A key challenge for organic cropping systems with regards to soil health is finding ways to move from tillage to no-till. Sustain takes a look at an interesting two-part series which considers no-tillage in organic horticulture.

Credit: Keats Organics

Credit: Keats Organics

These two informative articles are written by Niels Corfield (who specialises in whole farm planning, soil health and integrated agroecological farming systems) and hosted by Agricology (who provide practical solutions to agroecology farming).

The two-part series provides great practical solutions for organic horticultural farmers who want to transition to no-tillage systems, as well as providing great insight into the world of soil health for consumers and food system thinkers alike. After all, knowing where and how your food is grown is an important (and very exciting) part of buying it. If you grow vegetables at home, in an allotment or on a smallholding, you can apply these practices too.

No-till for growers: realising the promise of soil health in organic horticulture part 1
No-till for growers: Part 2 – Soil health practices for growers

Two key issues related to tillage (i.e. ploughing) are that it can cause soil erosion problems and the loss of soil organic carbon (SOC) to the atmosphere. The volatilisation of SOC is both a contributing factor to greenhouse gas emissions, but more importantly for farmers, represents losing soil fertility and soil structure. By minimising the disturbance of soil through no-tillage practices (i.e. not ploughing the land), farmers can help to reduce erosion and the loss of SOC.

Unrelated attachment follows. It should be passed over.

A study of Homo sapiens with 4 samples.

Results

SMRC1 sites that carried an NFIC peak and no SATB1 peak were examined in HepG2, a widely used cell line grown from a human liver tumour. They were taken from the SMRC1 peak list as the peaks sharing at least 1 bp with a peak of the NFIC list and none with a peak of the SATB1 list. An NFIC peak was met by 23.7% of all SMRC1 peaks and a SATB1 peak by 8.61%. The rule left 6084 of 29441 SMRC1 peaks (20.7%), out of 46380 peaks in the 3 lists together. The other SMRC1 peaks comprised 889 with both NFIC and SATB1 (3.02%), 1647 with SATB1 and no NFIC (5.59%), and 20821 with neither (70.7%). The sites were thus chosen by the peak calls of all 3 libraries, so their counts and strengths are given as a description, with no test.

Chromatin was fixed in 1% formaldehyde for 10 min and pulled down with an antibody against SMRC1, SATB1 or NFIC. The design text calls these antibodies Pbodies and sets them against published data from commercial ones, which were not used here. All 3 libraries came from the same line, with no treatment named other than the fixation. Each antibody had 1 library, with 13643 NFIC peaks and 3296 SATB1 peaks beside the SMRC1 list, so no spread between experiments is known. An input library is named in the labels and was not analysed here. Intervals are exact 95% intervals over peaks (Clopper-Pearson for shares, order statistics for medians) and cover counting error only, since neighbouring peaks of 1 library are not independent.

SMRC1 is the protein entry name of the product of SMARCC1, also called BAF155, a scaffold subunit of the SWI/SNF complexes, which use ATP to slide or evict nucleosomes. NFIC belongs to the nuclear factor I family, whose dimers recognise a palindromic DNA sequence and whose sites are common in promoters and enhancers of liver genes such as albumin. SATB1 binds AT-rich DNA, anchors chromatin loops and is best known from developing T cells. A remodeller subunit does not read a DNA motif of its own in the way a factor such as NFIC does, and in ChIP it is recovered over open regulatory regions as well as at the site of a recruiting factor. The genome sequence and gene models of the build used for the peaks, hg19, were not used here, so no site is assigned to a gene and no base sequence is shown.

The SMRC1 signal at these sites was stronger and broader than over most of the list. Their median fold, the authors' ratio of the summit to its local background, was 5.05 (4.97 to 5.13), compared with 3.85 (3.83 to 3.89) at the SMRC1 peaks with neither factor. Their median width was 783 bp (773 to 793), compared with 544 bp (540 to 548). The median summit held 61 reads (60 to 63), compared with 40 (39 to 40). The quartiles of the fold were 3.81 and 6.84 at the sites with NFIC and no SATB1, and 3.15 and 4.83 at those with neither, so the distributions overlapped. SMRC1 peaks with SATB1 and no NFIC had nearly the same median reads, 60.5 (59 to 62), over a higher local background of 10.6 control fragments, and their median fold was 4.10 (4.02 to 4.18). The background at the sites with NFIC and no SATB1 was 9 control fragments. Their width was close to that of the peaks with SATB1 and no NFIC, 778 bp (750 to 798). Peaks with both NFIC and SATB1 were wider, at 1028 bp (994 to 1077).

As pointed out in the article, some of the key challenges for an organic no-till approach to horticulture are weed management, creating good tilth (i.e. making the soil suitable for planting crops) and making higher labour requirements pay for the business.

Niels points out in the article that among other things, continuous soil cover and minimal soil disturbance are two rules of application which can be part of a successful organic no-till weed management strategy. By adding greater diversity into the crop rotation, ensuring there is a living root in the ground for as long as possible, and quickly establishing crops, growers can achieve good soil crumb (i.e. structure), soil biological activity and greater suppression of weeds.

Organic is a key agroecological systems approach to growing food in a way that is nature- and climate-friendly. Ploughing is still a key weed management technique for many organic systems, but it can present challenges for growers such as soil erosion and loss of SOC as explained above.

By finding ways to reduce soil disturbance through no-tillage approaches, organic growers can make a big step towards better soil health—and with that, building stronger ecosystem functions that will present opportunities for greater productivity and environmental outcomes at the small and larger scale.

You can read part 1 here.
You can read part 2 here.

Food and Farming Policy: Sustain encourages integration of sustainable food and farming into local, regional and national government policies.